Business and entrepreneurship are two sides of the same coin — the coin of life. These industries are deeply connected, and they represent a wide swath of life experience between the two of them. These are just a few of the major lessons that can be learned when owning and managing a business. Hard Work […]


Hard Work IS a Talent

It’s easy to look to successful business people who seem to breeze through their career and say ‘wow, they have such talent’ — but what we don’t see is the amount of hard work that lays behind their success. Much like we don’t see the everyday lives of people we follow on social media, we don’t see the drudgery and effort that has to go into being a successful business person. Every successful business requires hard work, even if the person running the business does have talent — in fact, it’s not unlikely that their talent IS their ability to work hard. Not everybody has it in them to push through the daily grind that every entrepreneur has to deal with.

Perfection Doesn’t Exist — But You Do

If you are the kind of person who likes to look at a business or investment as a numbers game, you might fall into the trap of looking for that ‘perfect’ investment — or looking at how your business could be if it were ‘perfectly’ ran. Don’t fall prey to the idea of perfection, it doesn’t exist. Nothing will ever truly be perfect, and trying to achieve it will only result in major stress and frustration. Work towards improvement, yes, but accept that at a certain point you should be happy with the state of your business.

Don’t Let Money Be Your Only Motivator

When entering the world of business or entrepreneurship, you may have the ultimate goal of being truly financially independent. This isn’t a bad goal by any means, but if this is the only motivation behind your work, you will likely struggle. Making money your only reason for working is enough for some people, but most need to have a reason behind their work — a purpose. Many want to help others — medical professionals or service industry for instance — while others want to have a say in the making of the world — politicians, of course; but also architects, designers, artists. Find a purpose behind your work and you’ll find it much easier to slog through the day-to-day.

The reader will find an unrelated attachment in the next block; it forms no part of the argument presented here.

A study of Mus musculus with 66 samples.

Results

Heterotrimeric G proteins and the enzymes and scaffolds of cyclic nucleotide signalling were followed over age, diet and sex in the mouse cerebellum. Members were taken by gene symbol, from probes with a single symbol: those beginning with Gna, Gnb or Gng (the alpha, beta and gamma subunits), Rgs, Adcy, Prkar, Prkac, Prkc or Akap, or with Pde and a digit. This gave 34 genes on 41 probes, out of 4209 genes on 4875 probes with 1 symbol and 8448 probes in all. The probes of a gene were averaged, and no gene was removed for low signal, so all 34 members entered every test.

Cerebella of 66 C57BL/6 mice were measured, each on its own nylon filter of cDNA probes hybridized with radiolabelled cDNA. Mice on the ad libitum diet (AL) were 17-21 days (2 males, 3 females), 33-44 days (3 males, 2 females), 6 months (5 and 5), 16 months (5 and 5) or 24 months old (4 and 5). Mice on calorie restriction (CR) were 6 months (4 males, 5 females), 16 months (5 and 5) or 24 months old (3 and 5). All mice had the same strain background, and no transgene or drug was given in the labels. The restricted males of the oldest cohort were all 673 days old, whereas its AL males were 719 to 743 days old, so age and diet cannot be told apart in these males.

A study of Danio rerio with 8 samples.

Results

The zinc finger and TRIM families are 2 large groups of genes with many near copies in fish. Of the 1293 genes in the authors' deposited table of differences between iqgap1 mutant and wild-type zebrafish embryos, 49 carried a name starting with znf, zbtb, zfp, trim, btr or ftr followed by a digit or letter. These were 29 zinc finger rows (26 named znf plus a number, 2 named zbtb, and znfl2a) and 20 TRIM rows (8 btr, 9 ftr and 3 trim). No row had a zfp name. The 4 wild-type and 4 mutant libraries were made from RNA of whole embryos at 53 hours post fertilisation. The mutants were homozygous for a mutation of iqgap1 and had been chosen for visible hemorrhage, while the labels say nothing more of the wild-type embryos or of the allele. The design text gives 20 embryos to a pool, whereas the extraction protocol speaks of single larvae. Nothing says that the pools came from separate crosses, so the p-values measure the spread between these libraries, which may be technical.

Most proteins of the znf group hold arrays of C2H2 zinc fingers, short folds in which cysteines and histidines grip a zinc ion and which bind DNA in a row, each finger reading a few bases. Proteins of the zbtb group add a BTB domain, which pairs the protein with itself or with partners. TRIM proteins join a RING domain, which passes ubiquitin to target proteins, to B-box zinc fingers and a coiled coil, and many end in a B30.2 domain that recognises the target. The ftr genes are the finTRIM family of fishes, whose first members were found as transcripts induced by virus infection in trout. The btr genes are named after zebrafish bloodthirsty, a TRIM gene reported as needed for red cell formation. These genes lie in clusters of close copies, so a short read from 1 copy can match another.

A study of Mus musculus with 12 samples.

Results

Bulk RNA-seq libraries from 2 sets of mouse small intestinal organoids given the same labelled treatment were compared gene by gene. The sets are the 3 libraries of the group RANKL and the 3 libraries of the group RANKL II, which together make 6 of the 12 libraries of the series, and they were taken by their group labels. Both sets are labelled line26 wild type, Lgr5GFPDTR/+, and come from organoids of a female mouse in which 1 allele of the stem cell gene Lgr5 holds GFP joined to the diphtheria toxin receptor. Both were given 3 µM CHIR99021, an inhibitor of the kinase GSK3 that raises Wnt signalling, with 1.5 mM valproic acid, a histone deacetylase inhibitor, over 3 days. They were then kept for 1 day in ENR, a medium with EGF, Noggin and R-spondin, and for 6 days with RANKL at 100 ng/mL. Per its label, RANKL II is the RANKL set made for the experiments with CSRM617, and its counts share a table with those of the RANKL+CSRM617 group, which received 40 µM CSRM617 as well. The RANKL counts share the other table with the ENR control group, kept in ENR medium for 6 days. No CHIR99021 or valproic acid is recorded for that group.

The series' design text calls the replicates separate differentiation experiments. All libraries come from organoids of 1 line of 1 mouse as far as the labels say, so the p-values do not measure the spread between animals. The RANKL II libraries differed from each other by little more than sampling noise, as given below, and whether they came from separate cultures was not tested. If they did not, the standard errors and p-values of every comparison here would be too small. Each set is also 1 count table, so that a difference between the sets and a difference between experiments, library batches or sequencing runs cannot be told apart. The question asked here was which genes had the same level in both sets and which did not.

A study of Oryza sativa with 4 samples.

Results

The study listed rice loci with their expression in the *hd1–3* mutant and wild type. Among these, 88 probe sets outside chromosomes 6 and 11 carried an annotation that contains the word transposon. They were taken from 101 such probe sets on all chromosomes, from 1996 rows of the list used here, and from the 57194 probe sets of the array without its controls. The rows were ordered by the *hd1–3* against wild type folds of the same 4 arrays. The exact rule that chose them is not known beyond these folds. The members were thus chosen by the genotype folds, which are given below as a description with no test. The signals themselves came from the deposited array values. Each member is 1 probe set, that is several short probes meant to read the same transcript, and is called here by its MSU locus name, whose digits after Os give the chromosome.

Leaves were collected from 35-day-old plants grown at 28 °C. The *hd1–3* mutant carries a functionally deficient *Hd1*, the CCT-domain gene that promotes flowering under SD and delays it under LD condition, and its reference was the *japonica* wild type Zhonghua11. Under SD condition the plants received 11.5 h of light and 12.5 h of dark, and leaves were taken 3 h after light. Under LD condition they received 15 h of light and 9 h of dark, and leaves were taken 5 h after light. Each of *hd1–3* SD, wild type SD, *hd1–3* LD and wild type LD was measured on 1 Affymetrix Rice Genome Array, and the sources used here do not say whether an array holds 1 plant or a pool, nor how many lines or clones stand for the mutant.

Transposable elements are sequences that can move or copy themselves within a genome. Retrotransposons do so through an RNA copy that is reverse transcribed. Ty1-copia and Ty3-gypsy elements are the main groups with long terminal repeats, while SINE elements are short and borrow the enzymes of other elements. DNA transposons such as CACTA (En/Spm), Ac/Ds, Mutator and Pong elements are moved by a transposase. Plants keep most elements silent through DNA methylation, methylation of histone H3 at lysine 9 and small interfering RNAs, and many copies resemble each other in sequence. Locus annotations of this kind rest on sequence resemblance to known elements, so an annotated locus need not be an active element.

Never Neglect Your Health

Today, during a worldwide pandemic this is one of the most important lessons to learn. We need to acknowledge that we have limitations, and the most strict limitations are those set by our bodies. Both physical and mental health are critical to the high-stress fields of business and entrepreneurship. Stress can weaken your immune system, and can make it harder to focus or work in general. Take care of yourself above all else.

Risk-Taking is Key — but Make Sure it’s the Right Risk

The highest-rank chess grandmasters know how important risks are — you never know how far ahead your competition is thinking, and sometimes you see a winning movie that could make or break it for you. But know your options, and think deeply before taking any risks. Many people enter entrepreneurship with the belief that risks are a natural part of the industry. This is true, but it’s the ability to think through the risk and weigh the costs and benefits that will set the big winners and losers apart.